Edmonton Sun

July 20, 2002

They only want to see their grandkids

By MINDELLE JACOBS -- Edmonton Sun

Elizabeth would love to take her grandchildren to Klondike Days and watch them squeal with delight on the rides and smear their faces with candy floss.

She'd love to bake cookies for them, take them swimming, buy them little treats and shower them with hugs and kisses.

Elizabeth just wants to be a grandmother. But she's been shut out of the lives of her four grandchildren because their parents' relationship fell apart.

There are no crayon drawings on the fridge or recent pictures of the grandkids on the wall. The photos of the children - now ages six, 10, 13 and 14 - are years old.

"All we've been asking for is visiting rights for these kids, and we just can't get anywhere," sobs Elizabeth (not her real name).

Elizabeth, 70, and her 75-year-old husband used to see their grandchildren all the time.

But several years ago, their son's on-and-off relationship with his girlfriend disintegrated for good.

The mother got custody of the kids and eventually severed contact with the grandparents.

"For a while, we were welcome. All of a sudden, we weren't," says Elizabeth, who lives outside Edmonton.

Last year the kids' mother allowed Elizabeth to take the children to a local rodeo. This year she refused.

Elizabeth should have photo albums filled with memories of her grandchildren. Instead, she keeps a diary of disappointment - a painful log, in tiny handwriting, of missed opportunities to see the children.

Stapled to one page of the diary are tickets for last year's Shriners' circus. Elizabeth and her husband wanted to take the grandchildren. The kids' mother wouldn't let them go.

"They're all sweet, dear little kids," says Elizabeth, sniffling into a tissue at her dining room table. "If my mother knew what I was going through, she'd roll over in her grave."

Even provincial legislation that allows grandparents to apply for access to their grandchildren has not solved the problem.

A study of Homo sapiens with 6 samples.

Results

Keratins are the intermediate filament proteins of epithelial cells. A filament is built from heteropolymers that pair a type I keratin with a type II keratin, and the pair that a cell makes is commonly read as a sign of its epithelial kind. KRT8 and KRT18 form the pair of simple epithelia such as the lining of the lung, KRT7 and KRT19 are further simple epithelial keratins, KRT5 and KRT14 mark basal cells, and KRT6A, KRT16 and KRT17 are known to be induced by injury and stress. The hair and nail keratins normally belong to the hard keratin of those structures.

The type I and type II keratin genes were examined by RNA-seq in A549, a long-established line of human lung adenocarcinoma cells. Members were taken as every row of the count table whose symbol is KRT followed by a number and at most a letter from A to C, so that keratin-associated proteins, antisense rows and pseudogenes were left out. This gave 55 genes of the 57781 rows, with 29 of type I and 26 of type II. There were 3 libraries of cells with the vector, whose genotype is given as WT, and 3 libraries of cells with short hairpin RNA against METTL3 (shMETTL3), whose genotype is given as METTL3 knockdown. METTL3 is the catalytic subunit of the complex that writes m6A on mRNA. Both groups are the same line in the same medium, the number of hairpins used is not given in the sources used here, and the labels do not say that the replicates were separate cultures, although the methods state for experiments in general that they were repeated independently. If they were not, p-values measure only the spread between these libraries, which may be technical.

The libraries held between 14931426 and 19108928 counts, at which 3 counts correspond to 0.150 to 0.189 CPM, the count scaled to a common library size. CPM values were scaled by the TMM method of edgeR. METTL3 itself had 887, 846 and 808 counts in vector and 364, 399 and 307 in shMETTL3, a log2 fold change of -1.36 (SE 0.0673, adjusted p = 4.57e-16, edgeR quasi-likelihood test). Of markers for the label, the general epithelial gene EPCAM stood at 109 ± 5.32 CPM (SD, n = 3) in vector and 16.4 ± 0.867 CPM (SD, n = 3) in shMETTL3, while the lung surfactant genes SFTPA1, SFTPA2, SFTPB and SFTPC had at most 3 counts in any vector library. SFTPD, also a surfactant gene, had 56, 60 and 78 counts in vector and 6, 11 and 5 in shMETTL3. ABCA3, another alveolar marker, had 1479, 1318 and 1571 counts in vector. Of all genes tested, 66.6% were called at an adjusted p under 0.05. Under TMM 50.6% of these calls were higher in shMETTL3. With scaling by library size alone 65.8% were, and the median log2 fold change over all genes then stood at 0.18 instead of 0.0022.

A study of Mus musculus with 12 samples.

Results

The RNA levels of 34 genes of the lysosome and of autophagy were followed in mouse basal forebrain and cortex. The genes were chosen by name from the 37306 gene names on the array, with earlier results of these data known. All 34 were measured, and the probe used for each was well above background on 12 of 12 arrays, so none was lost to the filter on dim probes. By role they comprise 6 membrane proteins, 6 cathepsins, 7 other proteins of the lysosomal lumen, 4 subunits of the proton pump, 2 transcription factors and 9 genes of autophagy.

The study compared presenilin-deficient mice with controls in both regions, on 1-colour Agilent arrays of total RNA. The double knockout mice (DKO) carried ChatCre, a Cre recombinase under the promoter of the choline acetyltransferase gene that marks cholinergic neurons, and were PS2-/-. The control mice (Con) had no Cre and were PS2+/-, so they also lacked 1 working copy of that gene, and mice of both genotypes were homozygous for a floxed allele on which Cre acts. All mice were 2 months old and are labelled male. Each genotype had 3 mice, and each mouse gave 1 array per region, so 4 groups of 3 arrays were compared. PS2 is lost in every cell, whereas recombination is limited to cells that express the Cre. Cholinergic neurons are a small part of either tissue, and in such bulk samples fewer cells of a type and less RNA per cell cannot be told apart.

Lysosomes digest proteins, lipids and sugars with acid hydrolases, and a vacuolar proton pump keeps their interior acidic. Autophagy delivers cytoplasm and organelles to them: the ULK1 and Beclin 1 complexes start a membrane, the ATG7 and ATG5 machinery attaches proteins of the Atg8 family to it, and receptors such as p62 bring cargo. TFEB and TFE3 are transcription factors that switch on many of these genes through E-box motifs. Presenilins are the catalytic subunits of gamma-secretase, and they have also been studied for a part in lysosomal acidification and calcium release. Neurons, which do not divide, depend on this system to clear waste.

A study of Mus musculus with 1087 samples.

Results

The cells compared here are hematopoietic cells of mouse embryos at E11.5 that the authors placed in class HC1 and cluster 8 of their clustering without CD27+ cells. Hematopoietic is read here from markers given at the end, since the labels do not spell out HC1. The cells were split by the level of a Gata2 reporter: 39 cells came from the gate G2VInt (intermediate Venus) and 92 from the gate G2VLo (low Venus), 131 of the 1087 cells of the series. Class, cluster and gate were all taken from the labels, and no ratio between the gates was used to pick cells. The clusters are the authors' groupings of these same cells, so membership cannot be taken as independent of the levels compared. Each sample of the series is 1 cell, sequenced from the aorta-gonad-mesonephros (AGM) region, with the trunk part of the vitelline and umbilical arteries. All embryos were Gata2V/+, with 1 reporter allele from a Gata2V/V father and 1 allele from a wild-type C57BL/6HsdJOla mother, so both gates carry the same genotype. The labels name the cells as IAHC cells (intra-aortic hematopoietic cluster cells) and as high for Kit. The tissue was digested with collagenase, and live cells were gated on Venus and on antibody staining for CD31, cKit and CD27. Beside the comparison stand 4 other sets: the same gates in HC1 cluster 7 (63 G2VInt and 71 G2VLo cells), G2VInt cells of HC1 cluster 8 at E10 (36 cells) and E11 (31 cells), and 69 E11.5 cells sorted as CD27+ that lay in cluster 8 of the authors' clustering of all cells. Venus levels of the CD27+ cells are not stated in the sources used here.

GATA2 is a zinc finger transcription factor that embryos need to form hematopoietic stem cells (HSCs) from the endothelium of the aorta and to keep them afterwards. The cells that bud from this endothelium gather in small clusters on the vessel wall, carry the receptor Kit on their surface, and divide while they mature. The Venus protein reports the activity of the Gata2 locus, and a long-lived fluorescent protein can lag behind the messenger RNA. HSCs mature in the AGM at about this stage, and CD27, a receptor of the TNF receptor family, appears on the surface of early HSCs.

Elizabeth went to court two years ago and won limited access to her grandchildren. For the most part, the children's mother has ignored the court order.

And Elizabeth is reluctant to return to court to get the police to enforce the access arrangement.

"I can't do that to these little guys," she says of her grandchildren. "They'll think we're playing cops and robbers."

Orphaned Grandparents Association, an advocacy group, receives several hundred calls a year from people with similar tales of woe.

"When they call, they're in varying stages of grieving," says group president Annette Bruce.

"It doesn't click in their brains that the relationship is dying or has been severed."

The disaffection between generations is growing, she adds.

"It appears that the middle generation doesn't believe that strongly in maintaining continuity in relationships," she says.

"These are power struggles. It's about power and control, and children are very good weapons."

The group holds monthly support meetings and educates its members on legal alternatives if access issues can't be resolved amicably.

Bruce says she understands why grandparents are loath to force the issue if they win access to grandchildren but are continually denied visitation.

"It scares the hell out of them. It's like anything else in life - the fear of the unknown."

But she hopes at least one grandparent who's been denied court-ordered access will have the courage to press for a contempt-of-court citation.

Elizabeth isn't brave enough. However, through a quirk of fate, she may get to see her beloved grandchildren.

The province has apprehended the kids because the mother is considered unfit.

Social Services officials are applying for guardianship next month.

It's not a happy situation but if the province wins, four kids will at least get to know their grandparents again.


Mindelle can be reached by e-mail at mjacobs@edm.sunpub.com.
Letters to the editor should be sent to letters@edm.sunpub.com.

Copyright © 2002, Canoe, a division of Netgraphe Inc.